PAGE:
COLUMBUS — As states across the country take action to do away with mask mandates and other coronavirus-related public health orders, Scioto County’s Sen. Terry Johnson, R-McDermott, is among a bevy of Ohio Republican Party legislators attempting to curb the authority of Gov. Mike DeWine and the Ohio Department of Health.
Like so many things throughout the past year, Johnson argues that the state’s response to the pandemic is “unprecedented” even when compared to the Spanish Flu. In his view, the handling of the response has been much more centralized on the executive branch and goes against the common practice of medicine.
Johnson, who according to his Senate bio is presently employed by Valley View Health Centers in Waverly as Director of Medically Assisted Treatment and Integrated Health Services, described the process as an individual going to their physician or health care provider to get advice.
Advice, even when in a patient’s best interest, can be turned down without punishment. With the COVID orders, however, Johnson said this is not the case where citations and fines have been issued.
“It’s their life and they get to make that decision,” said Johnson, a practicing physician for 30 years and medical educator at Ohio University. “I have never told someone if you don’t do what I tell you to do you’re in trouble.”
While not following the orders has punishments, Johnson also took particular issue with the orders themselves which he believes are not based on clear science but rather on compromise.
Compromise, or “mental gymnastics” as he put it, was at the center of the state’s attempt at safely re-opening with mask orders and the enforcement of social distancing.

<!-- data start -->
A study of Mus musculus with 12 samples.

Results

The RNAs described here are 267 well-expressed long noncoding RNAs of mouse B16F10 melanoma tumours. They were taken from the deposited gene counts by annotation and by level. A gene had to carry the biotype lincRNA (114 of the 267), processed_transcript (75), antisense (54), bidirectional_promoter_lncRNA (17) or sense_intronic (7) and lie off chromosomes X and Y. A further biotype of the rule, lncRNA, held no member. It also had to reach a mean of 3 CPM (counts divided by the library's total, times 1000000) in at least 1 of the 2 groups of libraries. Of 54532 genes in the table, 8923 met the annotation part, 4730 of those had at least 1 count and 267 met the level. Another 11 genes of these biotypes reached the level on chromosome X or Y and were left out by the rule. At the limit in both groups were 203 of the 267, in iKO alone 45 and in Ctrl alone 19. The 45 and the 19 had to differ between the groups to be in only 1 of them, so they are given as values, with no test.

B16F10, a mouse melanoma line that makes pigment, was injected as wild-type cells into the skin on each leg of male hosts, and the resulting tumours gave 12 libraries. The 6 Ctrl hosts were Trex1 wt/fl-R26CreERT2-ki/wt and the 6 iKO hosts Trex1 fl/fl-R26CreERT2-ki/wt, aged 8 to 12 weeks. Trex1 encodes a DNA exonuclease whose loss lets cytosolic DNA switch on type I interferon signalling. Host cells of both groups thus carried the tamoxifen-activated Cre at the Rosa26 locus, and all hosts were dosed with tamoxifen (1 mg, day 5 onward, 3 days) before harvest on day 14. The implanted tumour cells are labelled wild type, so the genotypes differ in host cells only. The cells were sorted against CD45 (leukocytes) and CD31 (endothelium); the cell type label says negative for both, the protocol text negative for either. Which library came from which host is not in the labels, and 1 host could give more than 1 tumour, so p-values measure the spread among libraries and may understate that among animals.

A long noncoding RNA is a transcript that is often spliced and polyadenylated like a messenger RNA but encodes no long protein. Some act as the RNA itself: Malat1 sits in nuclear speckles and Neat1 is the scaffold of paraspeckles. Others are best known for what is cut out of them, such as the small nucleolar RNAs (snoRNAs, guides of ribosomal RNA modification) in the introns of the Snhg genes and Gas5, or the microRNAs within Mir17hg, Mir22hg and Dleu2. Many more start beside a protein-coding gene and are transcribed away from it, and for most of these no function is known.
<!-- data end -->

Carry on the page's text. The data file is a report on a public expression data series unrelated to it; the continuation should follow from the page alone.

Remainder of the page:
“This compromise is as unscientific as anything,” he said. “And six-feet? That is actually not scientific.”
While not wearing the mask during his testimony, Johnson said he did walk into the statehouse while wearing one. He argued that breath however still gets out when doing so, even more so when double-masked.
Non-standardized masks, not including N95 masks, the senator argues are less effective as many improperly wear them. Casting blame on those not wearing masks for spreading the virus is not something that can be verified, he also believes.
“The virus is floating around, it’s ubiquitous,” Johnson said with conviction. “Science is important, but what we really need to remember, and what this bill seeks to do, and what (Sen.) McColley says we are trying to reestablish our separation of powers, we are trying to respect the citizens of Ohio.”
His comments part from recent data published by the Centers for Disease Control and Prevention, which demonstrated the effectiveness of mask mandates. Ohio’s mandate has been in place since July 22, although DeWine announced Thursday that the mandate could be lifted if the state reports 50 or fewer new cases per 100,000 over a period of two weeks.
“Mask mandates were associated with statistically significant decreases in county-level daily COVID-19 case and death growth rates within 20 days of implementation,” the report reads. “Allowing on-premises restaurant dining was associated with increases in county-level case and death growth rates within 41–80 days after reopening.”
Johnson delivered these comments during the first hearing of Senate Bill 22 in the Ohio House State and Local Government Committee earlier this week. Having passed the Senate in a 25-8 vote last month this legislation would create a bipartisan, bicameral Ohio Health Oversight and Advisory Committee.
While at odds with the Republican governor, Johnson states the bill is more about restoring checks and balances rather than limiting the state’s response to the pandemic.
He said it is also in the best interest of the citizens of Ohio, many of whom testified as proponents during prior hearings in the Senate Government Oversight and Reform Committee. There were more proponents than opponents, but multiple health departments including ODH were not in favor.
“For goodness sakes, they have constitutional rights,” Johnson said, referring to state residents. “We can only do to them, or for them, what we are constitutionally allowed to do and we need to be accountable to the folks that we’re doing it to.”
Reach Patrick Keck (740)-353-3501 ext. 1931, by email at email@example.com, or on Twitter @pkeckreporter.